Disquieting Sexual Violence’s Silencing Effects
By Prof. Jennifer Brown, co author of Revealing Rape’s Many Voices
This blog argues that we need improve investigative and prosecutorial practices in order to better support the many people implicated in rape’s hidden sphere of harm and the silencing of victims.
Silencing is a key feature of rape. The act of silencing has been reflected in literature for centuries, including in Ovid’s Metamorphoses. It tells the story of King Tereus who rapes and abandons his wife’s sister Philomena, cutting out her tongue so as to silence her from revealing what happened. Similarly in Shakespeare’s Titus Andronicus, the fate of Lavinia is even worse. At the end of Act 2, she enters with the stage directions: ravished, her hands cut off, and her tongue cut out. Her rapists, Chiron and Demetrius, taunt her: “So, now go tell, and if thy tongue can speak, Who ’twas that cut thy tongue and ravish’d thee.” In both stories, the rapists deprived the victim of her voice.
A modern, less violent version of this is in the attempts by those accused of rape to silence the alleged victim by suing them. In a UK case, Hay versus Cresswell, Nina Hay wrote a blog naming her attacker Billy Hay who then sued her for libel. The judge found that on the balance of probabilities Hay had assaulted Nina and there was a permissible public interest defence in her speaking out about what had happened.
Beyond considering the victim, it is important to consider the thoughts, actions and feelings of the many others caught up in rape’s tsunami effects. As Jan Jordan says whilst traditionally being raped was considered shameful and so unspeakable, it is still so today. The silencing begins with the rapist’s efforts to ignore the victim during the attack and threatening them not to reveal what has happened. Often fear of disclosure or retaliation are reasons for not reporting a rape.
If a case of rape is reported, then a police response of disbelief can result so that the complainant feels so invalidated that they may cease their engagement. Fear of being judged may result in failure to disclose or minimising prior behaviours such as drinking alcohol before the rape. Jordan speaks of a silencing spiral because such omissions fuel police scepticism. The suspect too may feel shame, although often being unacknowledged they can create displaced anger and indignation at being accused.
If a case gets to court, then complainants often find themselves both dominated and disqualified from telling their story in their own words and pace, by virtue of the adversarial process. Moreover, the victim, now as a witness to the crime, finds herself subjected to innuendo or blame for her own assault and is assailed by rape myths which seek to attribute culpability to her and exonerate the defendant.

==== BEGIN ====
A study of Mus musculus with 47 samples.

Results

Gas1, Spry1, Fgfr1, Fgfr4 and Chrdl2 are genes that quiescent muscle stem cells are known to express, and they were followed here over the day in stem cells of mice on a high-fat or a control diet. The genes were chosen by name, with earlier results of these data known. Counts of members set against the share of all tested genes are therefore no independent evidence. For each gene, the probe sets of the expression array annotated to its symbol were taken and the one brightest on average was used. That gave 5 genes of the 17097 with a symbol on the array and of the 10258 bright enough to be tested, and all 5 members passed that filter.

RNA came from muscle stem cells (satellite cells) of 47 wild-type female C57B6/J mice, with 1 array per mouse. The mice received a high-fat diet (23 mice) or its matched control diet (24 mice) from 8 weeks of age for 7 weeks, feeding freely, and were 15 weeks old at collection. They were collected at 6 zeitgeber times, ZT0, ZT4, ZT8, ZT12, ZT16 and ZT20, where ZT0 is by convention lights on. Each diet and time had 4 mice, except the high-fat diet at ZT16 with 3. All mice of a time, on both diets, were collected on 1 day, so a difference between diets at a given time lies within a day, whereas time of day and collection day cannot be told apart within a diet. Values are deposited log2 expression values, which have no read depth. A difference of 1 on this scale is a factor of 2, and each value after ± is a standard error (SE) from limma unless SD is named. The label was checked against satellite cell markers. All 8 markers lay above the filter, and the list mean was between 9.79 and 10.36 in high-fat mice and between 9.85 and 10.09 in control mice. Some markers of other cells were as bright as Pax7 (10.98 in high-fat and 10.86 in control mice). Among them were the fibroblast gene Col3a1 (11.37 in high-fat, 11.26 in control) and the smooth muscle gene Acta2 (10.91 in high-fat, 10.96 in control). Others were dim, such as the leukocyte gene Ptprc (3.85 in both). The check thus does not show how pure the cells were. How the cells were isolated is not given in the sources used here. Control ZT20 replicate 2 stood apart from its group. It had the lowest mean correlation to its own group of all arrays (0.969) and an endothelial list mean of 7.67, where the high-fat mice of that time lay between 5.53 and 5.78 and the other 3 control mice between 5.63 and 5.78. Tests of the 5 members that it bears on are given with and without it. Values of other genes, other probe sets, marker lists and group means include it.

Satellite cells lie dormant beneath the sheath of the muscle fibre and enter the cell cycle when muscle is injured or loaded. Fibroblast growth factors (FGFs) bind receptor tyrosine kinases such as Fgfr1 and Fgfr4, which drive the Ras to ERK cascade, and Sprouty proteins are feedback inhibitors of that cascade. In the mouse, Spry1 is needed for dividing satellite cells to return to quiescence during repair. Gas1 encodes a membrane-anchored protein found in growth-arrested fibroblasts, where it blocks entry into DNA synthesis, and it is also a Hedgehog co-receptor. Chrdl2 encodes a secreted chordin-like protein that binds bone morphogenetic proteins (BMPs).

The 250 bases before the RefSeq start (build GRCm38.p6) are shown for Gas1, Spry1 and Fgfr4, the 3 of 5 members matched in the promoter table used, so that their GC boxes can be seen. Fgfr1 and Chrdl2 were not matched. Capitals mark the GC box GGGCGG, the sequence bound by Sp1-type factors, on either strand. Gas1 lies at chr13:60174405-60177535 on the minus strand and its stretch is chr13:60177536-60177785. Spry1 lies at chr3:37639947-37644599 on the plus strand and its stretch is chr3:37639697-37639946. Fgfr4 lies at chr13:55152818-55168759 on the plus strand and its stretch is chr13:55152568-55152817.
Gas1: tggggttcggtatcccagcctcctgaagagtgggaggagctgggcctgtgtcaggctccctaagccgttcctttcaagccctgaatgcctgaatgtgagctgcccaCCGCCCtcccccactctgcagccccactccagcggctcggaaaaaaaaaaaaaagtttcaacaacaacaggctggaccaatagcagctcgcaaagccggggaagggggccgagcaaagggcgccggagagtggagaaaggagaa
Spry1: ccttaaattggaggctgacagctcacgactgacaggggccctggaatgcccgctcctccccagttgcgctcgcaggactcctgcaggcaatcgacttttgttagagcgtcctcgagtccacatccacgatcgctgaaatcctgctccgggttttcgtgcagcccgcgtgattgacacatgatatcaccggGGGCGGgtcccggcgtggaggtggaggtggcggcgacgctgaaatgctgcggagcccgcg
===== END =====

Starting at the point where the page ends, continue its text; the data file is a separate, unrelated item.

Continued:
Rape myth also imply that only some kinds of women get raped thereby introducing the idea of more or less deserving victims. Sometimes referred to as the ‘missing white girl syndrome’, this speaks to the racial disparities that characterise some rapes and attacks exemplified by complaints made by Mina Smallman contrasting the treatment of her daughters, Nicole Smallman and Bibaa Henry with that of Sarah Everard. This demonstrates that not all victims are equal in that those with mental health vulnerabilities or from sexual preference minorities are subject to a lack of professional curiosity, as in the case of Stephen Port whose victims were young gay men.
Supporting a victim is also challenging. In the speech of Marcus in Titus Andronicus, he says when confronted with the raped Lavinia: “O, that I knew thy heart, and knew the beast/That I might rail at him to ease my mind!” This epitomises what many partners, parents and friends feel when trying to comfort a loved one who has been raped. They often don’t know what to say or how to deal with their feelings of impotent anger.
Our book, Revealing Rape’s Many Voices, is not a counsel of despair given that rape is so difficult to investigate and prosecute. Instead it outlines innovations such as restorative justice alternatives, specialist support for male and LGBTQ+ victim/survivors and describes new initiatives like Operation Bluestone Soteria that that may just improve investigative and prosecutorial practices in order to better support the many people implicated in rape’s hidden sphere of harm, and to disquiet sexual violence’s silencing effects.
Jennifer Brown is a visiting professor at the Mannheim Centre, London School of Economics and Political Science, UK. She recently co-edited a second edition of Rape: Challenging Contemporary Thinking (Routledge).